I have just heard from a friend that after fighting against going in with an asthma attack for some days she has decided that she needs to be admitted and is on her way in. It got me thinking I probably know what started all this for her and it was at least a week ago. It was a moment of madness on her behalf. I have them a lot, the idea that I can walk just that bit further, wait that little bit longer or sit and watch my football team in less than ideal conditions for just another 5 minutes. If I am honest I am very good knowing my own limits and equally good at ignoring them for a while thinking it will be OK. A lot of the time I can walk to the guideline step over and get away with it, but every now and again it comes and demands repayment. It is often not immediate repayment, you think you have actually got away with it but in fact you notice that many things are harder and you need more medication and finally when you do something really not that hard everything gives up on you and you find you are splatted in resus in an A&E somewhere. When you are well enough you can look back and you can trace it all back to that moment of madness a week or so ago.

The dilemma we have is do we stop pushing the limits and stay inside our safe zone or do we say to “hell with it” and keep pushing that little bit harder. For me it is a question of calculated risk most of the time, but if one of my kids was sick or a crisis occurred I know my careful calculations would go out of the window and that a week or so later my moment of madness will have finally caught up with me. Sometimes I get caught up in the moment or have been planning something for so long that nothing is going to come between me and doing it, the Meat Loaf concert was a prime example. I should not have gone of when I arrived as was not well I should have given up, there are no two ways about it. I look back and all I can remember is Meat Loaf’s voice was not what it was 10 years ago, it was very cold and wet and I could not breathe and seemed to spend the whole time on a nebuliser. Was it really worth putting myself through all that just to have memories of being cold wet and unable to breathe? In honesty no but if you ask me I am still glad I went. Whilst I consider I can make an informed judgement on if I should be pushing it then I am happy to carry on as I am. However, I know sometimes my heart rules my head and my judgements are not quite so informed sometimes, it has been OK and I got away with it and sometimes I did not. I guess until someone tells me otherwise I will keep walking up to the guideline looking at it, resenting its very presence and then gently and stealthily step over it hoping it and my lungs won’t notice, saying to myself ""it is after all only a guideline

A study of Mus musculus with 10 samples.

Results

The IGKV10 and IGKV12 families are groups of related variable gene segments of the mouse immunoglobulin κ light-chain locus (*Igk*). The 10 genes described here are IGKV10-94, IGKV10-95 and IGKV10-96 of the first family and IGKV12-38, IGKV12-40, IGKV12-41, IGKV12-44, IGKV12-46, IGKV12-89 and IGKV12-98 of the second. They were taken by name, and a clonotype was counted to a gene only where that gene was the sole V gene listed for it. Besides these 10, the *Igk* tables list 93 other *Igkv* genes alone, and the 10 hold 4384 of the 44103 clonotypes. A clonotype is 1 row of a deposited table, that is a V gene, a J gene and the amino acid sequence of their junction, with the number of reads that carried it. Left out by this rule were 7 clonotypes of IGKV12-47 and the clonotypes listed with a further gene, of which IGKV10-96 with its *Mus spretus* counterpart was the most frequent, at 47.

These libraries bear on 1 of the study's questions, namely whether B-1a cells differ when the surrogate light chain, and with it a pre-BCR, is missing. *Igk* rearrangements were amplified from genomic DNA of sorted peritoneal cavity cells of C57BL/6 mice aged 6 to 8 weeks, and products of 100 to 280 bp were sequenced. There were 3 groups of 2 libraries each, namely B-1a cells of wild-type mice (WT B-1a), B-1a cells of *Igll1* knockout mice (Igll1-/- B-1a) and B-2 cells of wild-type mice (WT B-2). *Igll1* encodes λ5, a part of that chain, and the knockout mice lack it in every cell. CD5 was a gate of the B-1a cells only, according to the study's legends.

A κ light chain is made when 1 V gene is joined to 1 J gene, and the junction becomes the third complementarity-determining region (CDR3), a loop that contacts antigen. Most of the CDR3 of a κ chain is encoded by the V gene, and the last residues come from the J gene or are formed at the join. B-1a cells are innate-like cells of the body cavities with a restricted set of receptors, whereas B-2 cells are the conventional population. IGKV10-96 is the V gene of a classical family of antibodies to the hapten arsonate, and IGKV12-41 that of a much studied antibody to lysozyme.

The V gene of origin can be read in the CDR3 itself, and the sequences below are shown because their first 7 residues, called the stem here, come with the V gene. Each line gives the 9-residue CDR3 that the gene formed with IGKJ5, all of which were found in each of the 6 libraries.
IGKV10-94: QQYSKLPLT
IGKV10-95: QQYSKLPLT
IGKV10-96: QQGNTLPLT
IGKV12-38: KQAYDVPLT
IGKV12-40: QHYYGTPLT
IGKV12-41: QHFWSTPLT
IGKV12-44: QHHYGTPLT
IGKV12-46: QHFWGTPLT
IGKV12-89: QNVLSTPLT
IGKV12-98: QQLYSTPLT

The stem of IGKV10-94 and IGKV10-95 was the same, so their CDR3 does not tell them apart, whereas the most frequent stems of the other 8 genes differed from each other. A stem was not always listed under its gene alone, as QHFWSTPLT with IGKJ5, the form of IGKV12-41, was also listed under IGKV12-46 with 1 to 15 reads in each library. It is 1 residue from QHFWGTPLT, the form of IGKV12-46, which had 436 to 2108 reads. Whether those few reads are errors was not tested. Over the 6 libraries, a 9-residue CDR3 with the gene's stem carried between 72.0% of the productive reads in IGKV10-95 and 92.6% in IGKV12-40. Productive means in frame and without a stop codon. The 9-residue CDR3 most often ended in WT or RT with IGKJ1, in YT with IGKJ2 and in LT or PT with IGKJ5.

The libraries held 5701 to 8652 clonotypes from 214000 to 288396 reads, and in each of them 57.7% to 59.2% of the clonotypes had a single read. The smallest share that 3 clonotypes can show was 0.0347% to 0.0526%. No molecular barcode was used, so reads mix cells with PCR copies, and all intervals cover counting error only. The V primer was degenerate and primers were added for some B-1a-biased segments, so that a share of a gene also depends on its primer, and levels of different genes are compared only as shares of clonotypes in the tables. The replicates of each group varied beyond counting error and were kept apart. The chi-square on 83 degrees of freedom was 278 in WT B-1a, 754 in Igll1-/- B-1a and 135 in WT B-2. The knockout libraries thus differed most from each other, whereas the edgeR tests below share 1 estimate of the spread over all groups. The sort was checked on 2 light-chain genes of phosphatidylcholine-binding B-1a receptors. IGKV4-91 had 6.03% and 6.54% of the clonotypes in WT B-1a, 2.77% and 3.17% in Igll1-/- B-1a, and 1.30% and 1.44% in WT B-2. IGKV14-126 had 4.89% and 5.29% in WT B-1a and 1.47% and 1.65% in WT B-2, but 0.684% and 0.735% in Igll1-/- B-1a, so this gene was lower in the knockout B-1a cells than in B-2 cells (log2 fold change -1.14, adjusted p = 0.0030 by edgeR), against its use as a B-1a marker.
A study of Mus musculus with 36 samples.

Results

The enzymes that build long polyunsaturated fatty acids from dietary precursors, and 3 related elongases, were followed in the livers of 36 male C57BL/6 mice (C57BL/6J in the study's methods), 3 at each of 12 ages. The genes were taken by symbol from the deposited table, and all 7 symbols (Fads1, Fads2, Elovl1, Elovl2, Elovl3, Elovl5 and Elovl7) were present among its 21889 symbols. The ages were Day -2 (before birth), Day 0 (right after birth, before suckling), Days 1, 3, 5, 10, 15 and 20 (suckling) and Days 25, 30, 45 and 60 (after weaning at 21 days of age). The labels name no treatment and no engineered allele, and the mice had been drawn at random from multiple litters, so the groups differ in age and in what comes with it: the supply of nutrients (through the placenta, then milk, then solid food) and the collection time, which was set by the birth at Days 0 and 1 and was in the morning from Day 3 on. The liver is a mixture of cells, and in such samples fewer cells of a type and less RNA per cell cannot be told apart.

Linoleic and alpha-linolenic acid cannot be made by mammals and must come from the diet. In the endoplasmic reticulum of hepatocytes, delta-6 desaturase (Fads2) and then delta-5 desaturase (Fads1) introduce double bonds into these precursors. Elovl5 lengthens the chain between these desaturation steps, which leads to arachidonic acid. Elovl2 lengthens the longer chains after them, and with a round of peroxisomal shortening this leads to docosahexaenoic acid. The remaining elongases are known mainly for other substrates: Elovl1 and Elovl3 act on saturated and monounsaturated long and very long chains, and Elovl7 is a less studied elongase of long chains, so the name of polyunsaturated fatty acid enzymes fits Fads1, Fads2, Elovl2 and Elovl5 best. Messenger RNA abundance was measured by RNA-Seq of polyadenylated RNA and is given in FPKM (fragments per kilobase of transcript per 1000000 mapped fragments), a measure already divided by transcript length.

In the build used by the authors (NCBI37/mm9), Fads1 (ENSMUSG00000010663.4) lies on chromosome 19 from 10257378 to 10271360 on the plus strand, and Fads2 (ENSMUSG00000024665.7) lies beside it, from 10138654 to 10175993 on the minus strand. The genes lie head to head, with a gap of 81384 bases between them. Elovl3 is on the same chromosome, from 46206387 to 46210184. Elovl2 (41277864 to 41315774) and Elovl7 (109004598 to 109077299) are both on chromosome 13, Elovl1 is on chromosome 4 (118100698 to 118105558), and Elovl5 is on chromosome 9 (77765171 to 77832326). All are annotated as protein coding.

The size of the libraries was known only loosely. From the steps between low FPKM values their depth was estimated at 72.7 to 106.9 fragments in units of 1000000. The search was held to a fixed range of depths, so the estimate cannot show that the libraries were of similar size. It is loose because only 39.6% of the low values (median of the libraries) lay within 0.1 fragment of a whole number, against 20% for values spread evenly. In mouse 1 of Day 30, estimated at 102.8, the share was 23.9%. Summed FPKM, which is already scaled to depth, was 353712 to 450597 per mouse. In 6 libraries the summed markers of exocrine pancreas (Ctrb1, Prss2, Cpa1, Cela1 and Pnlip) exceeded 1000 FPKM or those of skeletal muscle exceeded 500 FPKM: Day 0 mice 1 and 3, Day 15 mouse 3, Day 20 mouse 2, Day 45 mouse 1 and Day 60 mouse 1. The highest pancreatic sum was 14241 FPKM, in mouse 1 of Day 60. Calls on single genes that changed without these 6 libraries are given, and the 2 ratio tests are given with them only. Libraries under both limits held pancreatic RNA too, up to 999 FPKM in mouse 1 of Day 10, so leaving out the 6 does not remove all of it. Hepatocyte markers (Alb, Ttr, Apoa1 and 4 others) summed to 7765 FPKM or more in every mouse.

3 Replies

Hi bex

Hi Bex,

Reading that made me smile at the same time as thinking oops thats me! its often hard to admit when we know weve pushed the limits too far and I have this endless debate with my husband and kids all the time, but like you I have to balance this with ""living my life"" and I think it is inevitable that the 2 will cross at some point.

It is nice to know that the internal debats and madness we go through is not exclusive to our own insanity and others out there go through the same processess as me, thanks for writing that!

take care



It's treading a fine line most of the time - getting the most out of life, and not being overly constrained by our health, but also being reasonably ""sensible"" and not creating risk. I think with things like asthma it's worse, because that line is constantly shifting - on one day, you may be able to do something comfortably, yet on another depending on which way the wind is blowing (sometimes literally) it causes you real problems. For some the line is a tightrope with a huge drop, so the stakes are greater. It's inevitable that all of us will make mistakes and mis-judge things. It's trying to get this message across to others which is really difficult - when they may feel the need to judge you negatively if you happen to have gotten it wrong on the odd occasion.


I fully understand where you are coming from Bex!

Recently, I have been very good with the gradual deteriorations, but when it comes to the sudden humdingers, there is often no warning.

In the past I have nebbed myself silly before going in but now I am much better and admit defeat earlier.

I see it as a like a long slippery slope to a cliff edge. Do I dig in my heels and go in or wait until I have gone over the edge. I usually dig in inches before the cliff edge.